Does this (here and here) happen often? Does the Times often review the same book twice? I can’t think of another instance like this, I have to admit, but I don’t pay much attention to the Sunday Book Review anymore, so I can’t say for certain.

Regardless, in this case, if you don’t feel like clicking on links, the book in question is Sir John Keegan’s The American Civil War: A Military History. Which book, I should say, I haven’t read and won’t be reading. And not just because the second review linked above, authored by the normally genial James McPherson, savages Keegan’s efforts as terribly sloppy, but also because, coincidentally, just last week Eric and I taught Richard Evans’s Lying About Hitler in our graduate seminar.

As I starting reading the Evans, I kept thinking about McPherson’s review and about the responsibilities historians have when it comes time to consider deeply flawed work produced by people they admire. It seems to me that reviews often are nowhere near as harsh — with “harsh” here meaning analytically rather than personally acute — as they should be. I’ve typically assumed this arises out of misplaced professional courtesy, a there-but-for-the-grace-of-God-go-I attitude, or because everyone knows everyone else in their sub-field, meaning they worry that their professional networks will collapse if they take off the gloves in a review.

Anyway, much of Evans’s book is about historians who, after notorious Holocaust denier David Irving dragged Deborah Lipstadt into court for having called him a liar (you can find more of the case’s backstory, not to mention lots of useful documents, here), were forced to take off the gloves and assess, in public and for the record, how their colleagues went about doing history: both their methods and the final products they produced. It’s a fascinating and somewhat distressing story.

And like I said, when reading the Evans I had just finished McPherson’s review of Keegan, which is uncommonly critical — if still respectful of all that Sir John has accomplished in the field of military history. So what, I wondered, had caused McPherson to train his guns on Keegan? Because McPherson, though he’s defined the field of Civil War studies and won a Pulitzer Prize for his efforts, isn’t known as a scholar who defends his turf or lashes out in print. By contrast, he’s renowned for his intellectual generosity and his personal decency; he’s a man who manages to be at once folksy and decorous. And while that might describe the tone of his review of Keegan, the substance is brutal, citing, chapter and verse, major errors of fact.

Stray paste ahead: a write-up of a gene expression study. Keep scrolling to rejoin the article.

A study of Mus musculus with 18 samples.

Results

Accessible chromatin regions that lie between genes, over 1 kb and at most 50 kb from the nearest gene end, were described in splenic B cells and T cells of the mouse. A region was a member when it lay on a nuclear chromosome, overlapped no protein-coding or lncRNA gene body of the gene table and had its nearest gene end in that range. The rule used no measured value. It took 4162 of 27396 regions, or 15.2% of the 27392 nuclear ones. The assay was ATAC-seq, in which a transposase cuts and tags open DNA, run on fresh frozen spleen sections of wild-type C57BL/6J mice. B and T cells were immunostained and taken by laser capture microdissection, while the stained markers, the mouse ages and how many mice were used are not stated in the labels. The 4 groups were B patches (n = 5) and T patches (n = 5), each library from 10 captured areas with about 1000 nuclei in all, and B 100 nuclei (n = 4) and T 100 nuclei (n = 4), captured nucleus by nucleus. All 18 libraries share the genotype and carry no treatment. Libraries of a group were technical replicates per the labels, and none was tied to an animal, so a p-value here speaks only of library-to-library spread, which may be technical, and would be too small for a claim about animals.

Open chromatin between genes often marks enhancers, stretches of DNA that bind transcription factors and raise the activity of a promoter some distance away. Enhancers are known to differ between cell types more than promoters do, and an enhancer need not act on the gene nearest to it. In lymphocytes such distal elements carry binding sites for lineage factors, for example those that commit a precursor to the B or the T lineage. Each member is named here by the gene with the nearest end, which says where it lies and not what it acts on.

Then, on page 240 of the American edition of Evans’s book, I found this odd tidbit:

If it was depressing that a historian of Erickson’s [author’s note: Professor John Erickson] standing could leap into print without having actually considered the details of the trial and the judgment, then it was, if anything, more depressing that two other historians of the older generation, Sir John Keegan and Professor David Cameron Watt, actually testified on Irving’s behalf in court.

Wait, what? Keegan testified on Irving’s behalf? Well, okay. So what did he say?

Like many who seek to shock, he [author’s note the second: remember this is Keegan on Irving] may not really believe what he says and probably feels astounded when taken seriously. He has, in short, many of the qualities of the most creative historians. He is certainly never dull. Prof. Lipstadt, by contrast, seems as dull as only the self-righteously politically correct can be. Few other historians had ever heard of her before this case. Most will not want to hear from her again. Mr. Irving, if he will only learn from this case, has much that is interesting to tell us.

As Evans later notes, it’s important to remember that Keegan is not himself a Nazi sympathizer. But he is, apparently, a proud member of an old boy’s club that has more room on its rolls for Holocaust deniers than for women who expose them. Or at least that’s the most charitable reading I can offer of Keegan’s views.

In the end, I have no idea if McPherson knew about this episode. But I’m guessing that he did. And I have no idea if that knowledge about Sir John’s past liberated McPherson from the shackles of polite scholarly discourse. But I’m guessing that it did. Now, I suppose, if only more historians would defend Holocaust deniers, the Sunday Book Review could become a lot more interesting and informative.